Economic growth is the buzzword that has come to epitomize post-war Sri Lanka. It should correctly be so for a country coming out of a 30-year war that saw the large scale destruction of human resources and property. So the focus should no doubt be on economic growth. But whether such economic growth is spread out in an equal manner across all social classes is a question that is being raised. Many would say that only a few, amounting to about five per cent of the population, appear to have benefited from such growth.
Against this backdrop, is Sri Lanka too heading in a way where growth is increasingly benefitting only a selected few—a phenomenon which is identified as ‘exclusive growth’? In simple words, the rich are getting richer and the poor getting poorer and the disparity is widening. In India it has already happened and in Sri Lanka too it seems to have begun to happen. One can argue that this is an unavoidable reality in a world that is promoting the western models of liberal open market economic policies. But such policies should be followed with the necessary safety nets to safeguard the vulnerable sections of society.
Although the government has quite correctly identified infrastructure as a key to economic growth and is building new airports, ports, highways, etc. the problem is how much of these infrastructure development projects had contributed to the enhancement of living standards of the masses of this country? In other words do these mega infrastructure projects create ‘inclusive growth’? Even though the large scale development of rural road network has positively contributed to the enhancement of the quality of life and in expanding trade and other economic activities grass roots level, some of the mega projects have become white elephants.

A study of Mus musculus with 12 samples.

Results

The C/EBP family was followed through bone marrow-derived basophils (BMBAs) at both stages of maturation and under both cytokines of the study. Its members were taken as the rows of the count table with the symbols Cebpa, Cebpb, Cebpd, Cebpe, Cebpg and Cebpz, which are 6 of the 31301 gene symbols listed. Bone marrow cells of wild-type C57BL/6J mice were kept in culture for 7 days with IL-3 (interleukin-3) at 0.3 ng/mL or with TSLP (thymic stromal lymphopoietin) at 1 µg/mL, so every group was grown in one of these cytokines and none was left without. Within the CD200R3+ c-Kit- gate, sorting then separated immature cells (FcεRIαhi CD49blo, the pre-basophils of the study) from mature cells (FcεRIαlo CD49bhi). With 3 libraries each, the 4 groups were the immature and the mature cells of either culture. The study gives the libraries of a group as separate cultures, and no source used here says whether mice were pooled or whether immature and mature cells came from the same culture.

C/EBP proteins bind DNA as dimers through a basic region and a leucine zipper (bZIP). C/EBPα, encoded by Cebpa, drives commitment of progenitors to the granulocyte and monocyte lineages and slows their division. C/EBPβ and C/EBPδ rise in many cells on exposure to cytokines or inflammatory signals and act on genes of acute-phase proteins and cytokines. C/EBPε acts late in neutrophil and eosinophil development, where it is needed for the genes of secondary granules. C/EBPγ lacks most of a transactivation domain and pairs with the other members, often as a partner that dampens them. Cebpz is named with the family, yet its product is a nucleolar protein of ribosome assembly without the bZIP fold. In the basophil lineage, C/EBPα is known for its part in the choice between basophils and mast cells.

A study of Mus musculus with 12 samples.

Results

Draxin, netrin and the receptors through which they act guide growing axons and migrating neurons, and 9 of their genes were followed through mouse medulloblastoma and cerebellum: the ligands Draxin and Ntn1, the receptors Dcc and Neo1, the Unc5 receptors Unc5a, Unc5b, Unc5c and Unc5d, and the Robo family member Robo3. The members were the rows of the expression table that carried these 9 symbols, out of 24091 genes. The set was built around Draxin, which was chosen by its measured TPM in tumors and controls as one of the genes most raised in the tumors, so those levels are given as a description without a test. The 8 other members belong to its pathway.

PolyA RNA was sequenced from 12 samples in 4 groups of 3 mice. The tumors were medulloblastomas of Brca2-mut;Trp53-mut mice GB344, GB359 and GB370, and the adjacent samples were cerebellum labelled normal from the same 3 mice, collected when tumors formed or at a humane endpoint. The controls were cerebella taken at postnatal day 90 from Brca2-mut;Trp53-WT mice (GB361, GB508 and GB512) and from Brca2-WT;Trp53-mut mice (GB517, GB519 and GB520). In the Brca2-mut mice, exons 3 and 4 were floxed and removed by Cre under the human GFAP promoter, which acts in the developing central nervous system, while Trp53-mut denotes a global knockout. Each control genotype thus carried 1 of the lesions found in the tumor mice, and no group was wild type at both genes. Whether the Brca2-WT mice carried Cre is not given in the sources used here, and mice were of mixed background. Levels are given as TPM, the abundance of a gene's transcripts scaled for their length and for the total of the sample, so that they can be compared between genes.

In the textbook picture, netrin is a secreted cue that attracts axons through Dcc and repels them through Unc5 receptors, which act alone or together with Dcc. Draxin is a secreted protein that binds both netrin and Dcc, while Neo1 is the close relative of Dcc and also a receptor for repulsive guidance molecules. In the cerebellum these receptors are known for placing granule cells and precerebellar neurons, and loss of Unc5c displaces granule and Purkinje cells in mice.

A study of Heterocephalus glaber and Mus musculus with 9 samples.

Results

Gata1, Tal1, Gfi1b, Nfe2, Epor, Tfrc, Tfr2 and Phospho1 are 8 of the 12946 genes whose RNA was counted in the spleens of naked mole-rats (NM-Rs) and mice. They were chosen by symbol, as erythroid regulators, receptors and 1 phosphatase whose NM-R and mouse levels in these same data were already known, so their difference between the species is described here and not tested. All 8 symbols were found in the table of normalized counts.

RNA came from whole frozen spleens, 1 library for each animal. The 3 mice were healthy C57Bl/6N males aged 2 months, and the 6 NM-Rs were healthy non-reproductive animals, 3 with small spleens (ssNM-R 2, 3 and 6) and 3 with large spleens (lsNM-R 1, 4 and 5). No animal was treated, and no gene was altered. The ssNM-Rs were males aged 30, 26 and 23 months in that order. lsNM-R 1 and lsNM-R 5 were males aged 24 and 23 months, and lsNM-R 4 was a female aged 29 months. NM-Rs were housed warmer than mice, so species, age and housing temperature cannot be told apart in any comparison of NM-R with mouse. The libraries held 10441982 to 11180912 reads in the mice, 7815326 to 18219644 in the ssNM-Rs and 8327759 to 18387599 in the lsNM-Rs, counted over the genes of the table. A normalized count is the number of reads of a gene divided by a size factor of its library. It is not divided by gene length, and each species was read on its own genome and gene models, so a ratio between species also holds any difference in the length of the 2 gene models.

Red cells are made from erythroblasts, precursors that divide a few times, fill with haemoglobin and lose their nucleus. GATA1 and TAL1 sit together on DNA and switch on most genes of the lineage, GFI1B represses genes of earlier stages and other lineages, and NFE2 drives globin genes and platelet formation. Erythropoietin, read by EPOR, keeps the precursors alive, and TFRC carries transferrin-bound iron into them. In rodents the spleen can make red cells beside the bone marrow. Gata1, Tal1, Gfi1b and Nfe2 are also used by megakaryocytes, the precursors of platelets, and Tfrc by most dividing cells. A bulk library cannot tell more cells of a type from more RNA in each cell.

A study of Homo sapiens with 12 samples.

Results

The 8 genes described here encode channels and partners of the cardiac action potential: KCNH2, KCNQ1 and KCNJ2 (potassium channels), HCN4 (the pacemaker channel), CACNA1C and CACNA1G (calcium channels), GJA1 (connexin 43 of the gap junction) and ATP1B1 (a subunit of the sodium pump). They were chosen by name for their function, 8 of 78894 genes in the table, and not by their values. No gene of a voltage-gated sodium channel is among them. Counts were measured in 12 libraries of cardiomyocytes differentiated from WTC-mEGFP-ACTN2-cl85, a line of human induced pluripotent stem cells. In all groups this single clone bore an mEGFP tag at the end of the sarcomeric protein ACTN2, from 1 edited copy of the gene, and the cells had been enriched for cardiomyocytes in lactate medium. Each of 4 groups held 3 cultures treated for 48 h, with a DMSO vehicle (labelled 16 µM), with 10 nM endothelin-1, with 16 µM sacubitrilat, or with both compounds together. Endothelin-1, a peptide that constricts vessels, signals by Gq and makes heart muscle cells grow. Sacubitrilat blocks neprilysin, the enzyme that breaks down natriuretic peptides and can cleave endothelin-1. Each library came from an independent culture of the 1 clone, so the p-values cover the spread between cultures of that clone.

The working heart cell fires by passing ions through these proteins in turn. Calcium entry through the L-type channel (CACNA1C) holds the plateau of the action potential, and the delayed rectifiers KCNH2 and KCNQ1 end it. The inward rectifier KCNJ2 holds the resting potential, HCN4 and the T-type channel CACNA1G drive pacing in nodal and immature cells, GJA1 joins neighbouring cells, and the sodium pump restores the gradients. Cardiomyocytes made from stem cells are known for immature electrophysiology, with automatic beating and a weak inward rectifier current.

Some of the valid questions that are being asked by many are whether the traffic congestion has really reduced because of the expressways that have been built? Has the public transportation improved because of them? Has the stress levels gone down? Yes, it has but only for a few who own motorcars and can afford to pump gas for their daily commute to work. But what about the majority of Sri Lankans, have their lives become any better?
If the authorities are thinking about inclusive growth, the investments made on the development of infrastructure also need to be inclusive in nature. While developing highways, it is also necessary that investments are made on a quality and efficient transportation system.
Although expressways and other mega infrastructure projects are shown as harbingers of economic growth, have they really enhanced the quality of life of the general public is a question that is being asked by some. For instance, the million dollar investments on power stations have not contributed in reducing the electricity bill of the general public.
In the coming few years, the signs are that the gap between the haves and have nots is going to further widen. Therefore the government should not blindly follow an exclusive economic growth model but move towards a more inclusive growth model. The decision makers should not be blinded by the glitter of newly built parks and recreation facilities but create avenues for all in the country to be a part and parcel of it.